Cornsticks

It was a rainy morning in Clayton, Georgia, last Friday when my friend, Mary Ann, and I wandered down the main street looking for who knows what. We were biding time before lunch at the Dillard House, well documented earlier in this blog (and, once again, utterly delicious). And there it was. An old-fashioned hardware store. It had seen better times. The owner died last year and his estate was liquidating the contents. corn stick pan

Amid the tools, fishing gear (including a frog gig!) and buckets was a slim “housewares” section. And I found something I never would have bought otherwise. A cornstick pan. On sale for 25 percent off. I hate kitchen tools that only do one thing. But, as any Southerner knows, there is only one way to get cornsticks and that’s from a cast iron pan fashioned especially for that use. As we checked out, the lady behind the counter asked if we knew how to season a cast iron pan. Slightly offended, I whiffed “yes.” But Mary Ann is smarter than I am. “How do you season a cast iron pan?” she asked. Use Crisco or lard, she said, a good amount. Bake the pan in the oven at 350 degrees for an hour. Then turn the oven off and turn the pan over on a cookie sheet so all the grease runs back out.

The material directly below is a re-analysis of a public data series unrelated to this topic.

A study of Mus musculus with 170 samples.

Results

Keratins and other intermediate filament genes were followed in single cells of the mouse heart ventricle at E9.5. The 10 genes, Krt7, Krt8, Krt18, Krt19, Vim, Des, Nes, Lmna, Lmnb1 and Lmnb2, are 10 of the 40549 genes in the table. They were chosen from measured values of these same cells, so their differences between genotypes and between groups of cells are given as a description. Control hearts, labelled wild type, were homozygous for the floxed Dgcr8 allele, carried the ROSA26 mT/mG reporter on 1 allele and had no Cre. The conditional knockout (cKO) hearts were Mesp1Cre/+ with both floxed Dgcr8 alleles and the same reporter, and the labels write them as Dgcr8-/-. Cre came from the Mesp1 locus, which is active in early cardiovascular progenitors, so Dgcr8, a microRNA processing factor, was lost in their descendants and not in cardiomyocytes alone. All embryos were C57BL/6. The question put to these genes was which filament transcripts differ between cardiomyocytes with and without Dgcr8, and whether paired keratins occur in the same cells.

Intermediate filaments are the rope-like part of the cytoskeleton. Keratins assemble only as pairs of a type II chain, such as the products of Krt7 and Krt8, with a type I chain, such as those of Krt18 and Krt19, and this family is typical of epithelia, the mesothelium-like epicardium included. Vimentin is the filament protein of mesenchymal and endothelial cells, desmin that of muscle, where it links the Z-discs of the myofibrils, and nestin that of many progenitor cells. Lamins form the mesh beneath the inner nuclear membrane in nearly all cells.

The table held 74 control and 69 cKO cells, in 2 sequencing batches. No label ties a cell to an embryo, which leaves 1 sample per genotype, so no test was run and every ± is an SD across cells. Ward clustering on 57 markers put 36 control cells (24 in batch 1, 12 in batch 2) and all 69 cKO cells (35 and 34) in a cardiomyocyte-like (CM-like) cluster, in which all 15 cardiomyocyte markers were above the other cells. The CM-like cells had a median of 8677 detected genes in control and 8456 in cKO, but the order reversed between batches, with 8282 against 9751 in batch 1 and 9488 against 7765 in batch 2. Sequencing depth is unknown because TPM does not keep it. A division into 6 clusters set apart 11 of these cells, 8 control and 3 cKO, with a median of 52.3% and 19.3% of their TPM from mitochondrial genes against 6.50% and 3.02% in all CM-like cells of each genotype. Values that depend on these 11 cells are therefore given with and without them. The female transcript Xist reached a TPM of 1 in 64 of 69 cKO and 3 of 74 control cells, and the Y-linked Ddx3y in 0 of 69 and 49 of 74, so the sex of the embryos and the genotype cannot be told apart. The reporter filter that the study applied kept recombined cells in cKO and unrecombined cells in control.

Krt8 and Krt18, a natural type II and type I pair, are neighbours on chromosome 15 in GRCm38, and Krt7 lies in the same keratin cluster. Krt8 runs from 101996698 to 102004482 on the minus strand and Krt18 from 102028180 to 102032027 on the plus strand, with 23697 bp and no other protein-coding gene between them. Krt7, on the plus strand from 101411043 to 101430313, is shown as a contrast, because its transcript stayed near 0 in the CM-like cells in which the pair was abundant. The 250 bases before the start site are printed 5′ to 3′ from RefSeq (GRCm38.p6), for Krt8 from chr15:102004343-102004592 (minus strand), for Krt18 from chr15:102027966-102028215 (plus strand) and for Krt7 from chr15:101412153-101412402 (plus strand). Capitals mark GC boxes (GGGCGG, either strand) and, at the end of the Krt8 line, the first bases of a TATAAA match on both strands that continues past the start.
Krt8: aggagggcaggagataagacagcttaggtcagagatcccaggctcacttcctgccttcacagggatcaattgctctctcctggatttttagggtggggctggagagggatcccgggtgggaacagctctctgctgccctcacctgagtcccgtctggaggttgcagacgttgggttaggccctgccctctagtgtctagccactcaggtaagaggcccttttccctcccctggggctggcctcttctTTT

I did that when I got home a few hours ago. She was right. It works better.

DSCN0137So tonight I made up some cornbread batter, put a good dab of Crisco in each cornstick holder and put the pan pack in the oven at 450 degrees. Wait about ten minutes until the Crisco is blazing hot and add about two tablespoons of batter. It should sizzle immediately. Bake for 8-10 minutes.

I use the recipe for Southern Cornbread on the back of the bag of Martha White self-rising cornmeal mix. If you can’t find Martha White, then try to mail order it. There’s no substitute, at least in my book. Here’s another thing. Keep the bag in the freezer if you live in the South. Otherwise, critters find their way in and it’s not a pretty sight.